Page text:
Donald Clarke: Class still rules – it’s just harder to tell

Being born to the right family is still invaluable when trying to hold the levers of power

‘The Roger Moore you saw in films and in interviews was something of a creation. He was from the last generation of actors who felt they had to talk proper to get along in the theatre.’ Photograph: Getty Images

‘The Roger Moore you saw in films and in interviews was something of a creation. He was from the last generation of actors who felt they had to talk proper to get along in the theatre.’ Photograph: Getty Images

 

The irreplaceable Sir Roger Moore died last week at the age of 89. Look into his background and you could be forgiven for thinking that one strain of the English class system died with him.

Sir Roger Moore was, on the surface, an archetypal English gentleman. He knew how to wear a double-breasted blazer. Most emotions could be expressed through the raising or lowering of an eyebrow. He knew the right mode of address for an archdeacon (I’m betting). Where did he school, I wonder. Harrow or the Other Place.

In fact, Moore was raised, the son of a policeman, in a little celebrated corner of south London. The gentleman you saw in films and in interviews was something of a creation. He was from the last generation of actors who felt they had to talk proper to get along in the theatre.

That all changed when, in the early 1960s, “regional” actors such as Tom Courtenay and Albert Finney stormed the business.

A few younger performers still made the transformation. Peter Bowles, another archetypal English gent, is the son of a chauffeur from the West Midlands. Sir Patrick Stewart, than whom there is none more Shakespearean, grew up speaking a thick West Yorkshire dialect.

The influence that results from being born into the right sort of family is still invaluable

Neither saw what was coming and allowed elocution teachers to make them what they are now.

Drama school

Those born in the 1930s and early 1940s couldn’t have known what was coming. Michael Caine, older than Bowles or Stewart, had the good fortune not to attend drama school.

There was nobody to make him sound like something other than the son of a fish market porter (which he is).

Like his mate Terrence Stamp, he arrived with the perfect accent for the newly egalitarian 1960s. The end of national service, the arrival of the welfare state and relative prosperity allowed working-class actors and musicians the freedom to mould popular culture to their own ends.

Even the Conservative Party changed. Edward Heath, raised as a working-class boy in Broadstairs, felt, like Roger Moore (and this may be the only comparison between the two men), the need to talk as if plums were squabbling in his mouth, but his background did nothing to stop him from succeeding the sometime Lord Dunglass to leadership of the Tories in 1965. How’s that for egalitarianism? They’ll be electing shopkeepers’ daughters next.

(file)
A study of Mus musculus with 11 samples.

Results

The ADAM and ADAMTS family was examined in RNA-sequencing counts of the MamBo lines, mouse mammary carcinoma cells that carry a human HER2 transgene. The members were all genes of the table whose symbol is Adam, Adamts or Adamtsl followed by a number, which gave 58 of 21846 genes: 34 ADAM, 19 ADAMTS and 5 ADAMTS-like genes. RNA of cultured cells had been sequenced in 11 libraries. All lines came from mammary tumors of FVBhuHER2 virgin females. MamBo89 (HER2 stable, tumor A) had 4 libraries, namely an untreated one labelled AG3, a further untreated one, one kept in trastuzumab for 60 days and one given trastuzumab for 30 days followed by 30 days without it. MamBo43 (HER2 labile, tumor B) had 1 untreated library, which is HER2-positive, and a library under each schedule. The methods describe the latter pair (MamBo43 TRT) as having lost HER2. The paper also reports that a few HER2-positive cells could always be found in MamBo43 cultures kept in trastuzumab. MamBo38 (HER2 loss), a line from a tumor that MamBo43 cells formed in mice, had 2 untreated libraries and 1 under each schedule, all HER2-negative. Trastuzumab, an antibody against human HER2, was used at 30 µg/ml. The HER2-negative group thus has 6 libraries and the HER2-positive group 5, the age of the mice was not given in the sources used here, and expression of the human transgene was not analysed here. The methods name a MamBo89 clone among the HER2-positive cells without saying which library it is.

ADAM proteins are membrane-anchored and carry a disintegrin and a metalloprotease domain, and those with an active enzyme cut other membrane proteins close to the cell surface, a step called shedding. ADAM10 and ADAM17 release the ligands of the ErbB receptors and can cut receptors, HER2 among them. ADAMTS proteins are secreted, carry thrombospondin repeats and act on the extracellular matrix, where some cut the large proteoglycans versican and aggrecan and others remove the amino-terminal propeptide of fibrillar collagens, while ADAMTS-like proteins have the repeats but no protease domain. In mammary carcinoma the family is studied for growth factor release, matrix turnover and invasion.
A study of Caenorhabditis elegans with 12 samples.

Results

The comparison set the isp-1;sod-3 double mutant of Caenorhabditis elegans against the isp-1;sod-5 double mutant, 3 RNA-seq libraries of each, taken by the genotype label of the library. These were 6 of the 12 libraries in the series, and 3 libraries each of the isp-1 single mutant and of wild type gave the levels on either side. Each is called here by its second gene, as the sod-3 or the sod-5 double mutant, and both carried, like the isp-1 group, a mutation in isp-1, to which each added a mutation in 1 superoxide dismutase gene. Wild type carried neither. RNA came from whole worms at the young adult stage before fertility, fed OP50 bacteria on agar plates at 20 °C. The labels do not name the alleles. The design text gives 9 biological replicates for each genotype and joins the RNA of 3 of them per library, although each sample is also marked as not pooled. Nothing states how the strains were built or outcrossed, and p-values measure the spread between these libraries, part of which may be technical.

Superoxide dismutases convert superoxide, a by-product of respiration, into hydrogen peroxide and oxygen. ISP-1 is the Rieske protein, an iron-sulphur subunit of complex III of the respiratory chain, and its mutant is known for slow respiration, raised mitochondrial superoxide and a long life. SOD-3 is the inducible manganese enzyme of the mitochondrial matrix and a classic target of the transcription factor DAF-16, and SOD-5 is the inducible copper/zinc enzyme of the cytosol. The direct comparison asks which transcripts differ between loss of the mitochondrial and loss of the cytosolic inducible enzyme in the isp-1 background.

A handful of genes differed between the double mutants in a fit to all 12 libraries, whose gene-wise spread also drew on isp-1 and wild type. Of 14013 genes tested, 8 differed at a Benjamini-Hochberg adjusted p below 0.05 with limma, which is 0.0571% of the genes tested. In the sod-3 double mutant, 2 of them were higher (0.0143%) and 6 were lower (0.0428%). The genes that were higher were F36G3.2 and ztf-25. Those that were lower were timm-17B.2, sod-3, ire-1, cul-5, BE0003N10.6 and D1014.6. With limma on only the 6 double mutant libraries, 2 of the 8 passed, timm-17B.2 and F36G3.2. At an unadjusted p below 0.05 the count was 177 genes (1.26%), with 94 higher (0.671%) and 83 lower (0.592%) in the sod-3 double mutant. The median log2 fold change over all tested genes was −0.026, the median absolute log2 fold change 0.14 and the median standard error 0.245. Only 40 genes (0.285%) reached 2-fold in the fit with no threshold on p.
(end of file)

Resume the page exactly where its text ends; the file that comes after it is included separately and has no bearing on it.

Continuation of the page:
So this is all clear, then. At some point in the 1960s class ceased to matter in British society and opportunities opened up to all.

Dad’s Army and Fawlty Towers, two series whose humour hinged upon class, were funny because they ridiculed those who still cared.

Captain Mainwaring and Basil Fawlty – relatively ordinary men carrying massive chips – were relics of a bygone generation who remembered powdered eggs. Do I have that right? It’s all over now.

I’m being facetious, of course. In the world of acting, the public schools have more influence than they have ever had. Damien Lewis, Tom Hiddleston, Eddie Redmayne and Dominic West all went to Eton. Benedict Cumberbatch went to Harrow.

Never forget that excruciating moment when David Cameron forgot what football team he was supposed to support

Etonian David Cameron’s cabinet was groaning with enough fellow schoolmates to satisfy the Marquess of Salisbury (and Theresa May’s is little better). The influence that results from being born into the right sort of family is still invaluable when attempting to get a handle on the levers of power.

Largely superficial

What changed in the 1960s was largely superficial. It became more acceptable to appear less upper class when manoeuvring one’s way up the greasy pole. Indeed, by the 1990s, it was seen as essential to come across as a man of the people.

Pretend to support a football team. Don’t be seen too near the opera. Fake an interest in Coronation Street.

Tony Blair’s nauseating faux-blokiness made this all too apparent. The son of a barrister (admittedly himself from a humble background), Blair was educated at the distinguished Fettes College – “the Eton of the North” – in Edinburgh, but, when addressing the TV audience, felt the need to litter his conversation with the odd “you know” and the occasional “like” to emphasise his supposed ordinariness.

Never forget that excruciating moment when Cameron forgot what football team he was supposed to support.

There’s not much to celebrate in the current grubby bust-up between Theresa May and Jeremy Corbyn, but we can say that, in class terms, they are who they seem to be.

Both are middle-class in different ways. May is middle-class like a vicar’s daughter from the Home Counties: buttoned-up, clipped, socially reserved. Corbyn is middle-class in an urban geography-teacher fashion: scuffed, bearded, at home to jam-making.

Roger Moore would have recognised those types when, 60 years ago, he was starting out in the business. Did it all change back again? Or did it never change in the first place?